RoboVis enables complex plumbing parts to be automatically assembled
Integrating machine vision with a six axis robot has allowed complex plumbing parts to be automatically assembled.
As a business partner to some of the world’s best-known plumbing and heating suppliers, the Pegler Yorkshire Group offers numerous types of pipe fittings in different sizes and configurations. When manufacturing copper and brass elbow joints, tees, and valves, various components must be assembled before the finished item can be shipped to the customer.
Because of the wide range of parts and relatively small batch sizes Pegler Yorkshire needed to design and build highly flexible assembly systems that could accommodate a wide range of parts, limited only to the size (for instance 15mm or 22mm). To feed component bodies parts into these machines Pegler Yorkshire chose Kawasaki Robot UK to provide robots and FS Systems to provide vision systems to automate this task.
Parts are fed from either bowl or hopper feeders onto 200mm wide conveyor belts running at 5m/min from where the component bodies are presented to the robot for pick’n’place into a fixture in the machine. FS Systems’ RoboVis systems are used to take an image of the conveyor and pass component co-ordinates to the robot for picking, having first ascertained the part nearest the end of the conveyor that can be picked without the robot colliding with an adjacent part. When the conveyor sensor detects a component the conveyor is stopped, so the component can be picked from a stationary position. This is especially important for cylindrical parts that may roll. Suitable conveyor belting was chosen to limit the rolling of parts and to minimise the reflections of the lighting back to the camera.
As many as 10 different parts can be randomly located across a 260 × 200-mm area of the conveyor. For the robotic system to properly locate each part correctly, illumination plays a vital role. Because brass and copper parts are specular, they are difficult to illuminate. The system must also compensate for metal fragments from the production process that may be present on the conveyor belt.
Ringlights are not suitable for such an application because light will reflect differently on a cylindrical part depending upon its location on the belt, making it difficult to obtain an image with good, consistency across the viewed area.” Instead, FS Systems contracted Vision & Control to build custom 300 × 240-mm, 630-nm (red) LED panels (FALKD300x240-R) that are placed approximately 1 m above the conveyor. By placing a camera in the centre of this panel, reflected direct-on-axis illumination could be captured by a Marlin F-131B FireWire camera from Allied Vision Technologies (later systems use Basler Scout GigE cameras). Images from the camera are then transferred to a host PC, which is interfaced to the robot controller of a six-axis robot from Kawasaki Robotics over an Ethernet interface. Before picking any specific part from the conveyor, the system must determine which part can be selected most efficiently. After this is determined, the system checks whether there will be any potential collisions with any other parts on the conveyor. If there is no such conflict, then the part is picked; otherwise, the robot must pick another part from the conveyor. In the event that no parts can be picked, the conveyor is advanced and all the parts are recycled back to the hopper for re-presentation.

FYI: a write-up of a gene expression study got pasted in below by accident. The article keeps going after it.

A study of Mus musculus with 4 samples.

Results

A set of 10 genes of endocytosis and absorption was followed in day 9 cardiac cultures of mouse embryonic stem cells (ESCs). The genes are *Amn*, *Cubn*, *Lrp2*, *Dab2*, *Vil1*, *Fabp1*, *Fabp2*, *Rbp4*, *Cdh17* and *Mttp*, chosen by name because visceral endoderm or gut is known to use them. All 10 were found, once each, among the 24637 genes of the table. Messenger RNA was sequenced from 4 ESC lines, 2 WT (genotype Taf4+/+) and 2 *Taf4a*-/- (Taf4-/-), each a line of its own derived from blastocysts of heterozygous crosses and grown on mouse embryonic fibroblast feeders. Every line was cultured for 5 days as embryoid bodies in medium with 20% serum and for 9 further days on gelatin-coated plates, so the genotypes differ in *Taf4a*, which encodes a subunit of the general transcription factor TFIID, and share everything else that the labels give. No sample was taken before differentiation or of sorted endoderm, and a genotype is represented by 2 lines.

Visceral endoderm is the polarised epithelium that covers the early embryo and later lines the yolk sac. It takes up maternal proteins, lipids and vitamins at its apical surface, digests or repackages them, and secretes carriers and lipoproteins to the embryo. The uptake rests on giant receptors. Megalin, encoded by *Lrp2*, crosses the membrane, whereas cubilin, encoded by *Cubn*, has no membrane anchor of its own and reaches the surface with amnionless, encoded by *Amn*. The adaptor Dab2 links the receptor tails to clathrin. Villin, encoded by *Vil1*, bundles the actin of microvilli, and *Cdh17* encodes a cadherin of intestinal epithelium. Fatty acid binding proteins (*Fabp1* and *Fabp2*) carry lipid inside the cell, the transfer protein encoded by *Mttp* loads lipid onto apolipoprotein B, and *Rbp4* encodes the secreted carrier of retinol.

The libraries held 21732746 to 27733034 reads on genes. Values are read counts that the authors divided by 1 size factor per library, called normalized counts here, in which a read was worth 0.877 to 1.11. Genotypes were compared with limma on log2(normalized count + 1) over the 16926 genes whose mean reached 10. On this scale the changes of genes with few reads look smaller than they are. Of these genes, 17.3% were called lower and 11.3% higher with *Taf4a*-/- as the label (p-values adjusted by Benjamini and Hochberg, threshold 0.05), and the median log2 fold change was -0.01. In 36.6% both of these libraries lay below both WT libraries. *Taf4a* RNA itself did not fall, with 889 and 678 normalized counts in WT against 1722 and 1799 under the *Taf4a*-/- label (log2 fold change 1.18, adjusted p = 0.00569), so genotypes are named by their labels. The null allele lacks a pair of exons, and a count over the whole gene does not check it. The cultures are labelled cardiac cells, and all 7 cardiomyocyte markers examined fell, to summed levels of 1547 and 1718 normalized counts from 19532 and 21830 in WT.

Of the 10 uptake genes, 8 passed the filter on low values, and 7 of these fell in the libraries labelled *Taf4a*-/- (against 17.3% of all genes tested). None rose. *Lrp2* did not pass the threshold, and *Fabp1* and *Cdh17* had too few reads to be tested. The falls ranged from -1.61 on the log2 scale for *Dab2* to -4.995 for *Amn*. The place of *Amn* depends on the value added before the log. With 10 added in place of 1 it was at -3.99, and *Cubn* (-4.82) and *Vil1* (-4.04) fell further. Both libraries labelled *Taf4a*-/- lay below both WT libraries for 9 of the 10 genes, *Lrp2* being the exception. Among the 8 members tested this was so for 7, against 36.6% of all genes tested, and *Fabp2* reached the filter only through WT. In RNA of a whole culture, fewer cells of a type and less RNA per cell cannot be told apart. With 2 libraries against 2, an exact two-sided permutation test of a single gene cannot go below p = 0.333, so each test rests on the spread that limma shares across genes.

In the RoboVis systems installed at Pegler Yorkshire Group approximately 95% of the parts presented can be picked, leaving only 5% to be recycled through the system. Determining which parts can be picked in this manner is achieved by analysing the images captured by the camera. As a Certified Integration Partner for MVTec Software, FS Systems uses Halcon running on the host PC to perform the analysis which is embedded into the RoboVis software.
Before parts can be processed, the system must be calibrated. A known good part is placed on the conveyor belt by the robot at a known position and an image is captured. Any metal fragments within the image are removed by smoothing the image. To identify the position of part, the image is then thresholded to segment the pipe fitting.
After segmentation, a geometric shape-recognition function is used to create a mathematical model of the part. The position of the part at this point is known as the datum position. In operation, the system captures images of multiple pipe fittings within the camera’s field of view. Once again, smoothing, thresholding, and geometric shape-recognition algorithms are applied to determine pick co-ordinates, relative to the datum position for the robot.
RoboVis has been designed to be easy to use, either as an operator (choosing which parts to run) or as a machine setter (creating new component recipes). It was necessary to develop a user interface that allowed the operator to visualize the system in action, amend high-level image-processing functions, and test the system before it could be placed in production.
Using the system interface, operators can visualize objects, calibrate the system using a known object area, and select the number and order of image-processing functions.
Objects can be seen as they appear on the conveyor and functions such as thresholding can be highlighted to show the operator which objects the system will pick as well as its coordinates (top left). Using a Model and Tool Control, the operator can also calibrate the system using a known object area and select the number and order of image-processing functions that the system will run. More than 15 RoboVis systems are now in use at Pegler Yorkshire alone in the UK, USA, and Hungary.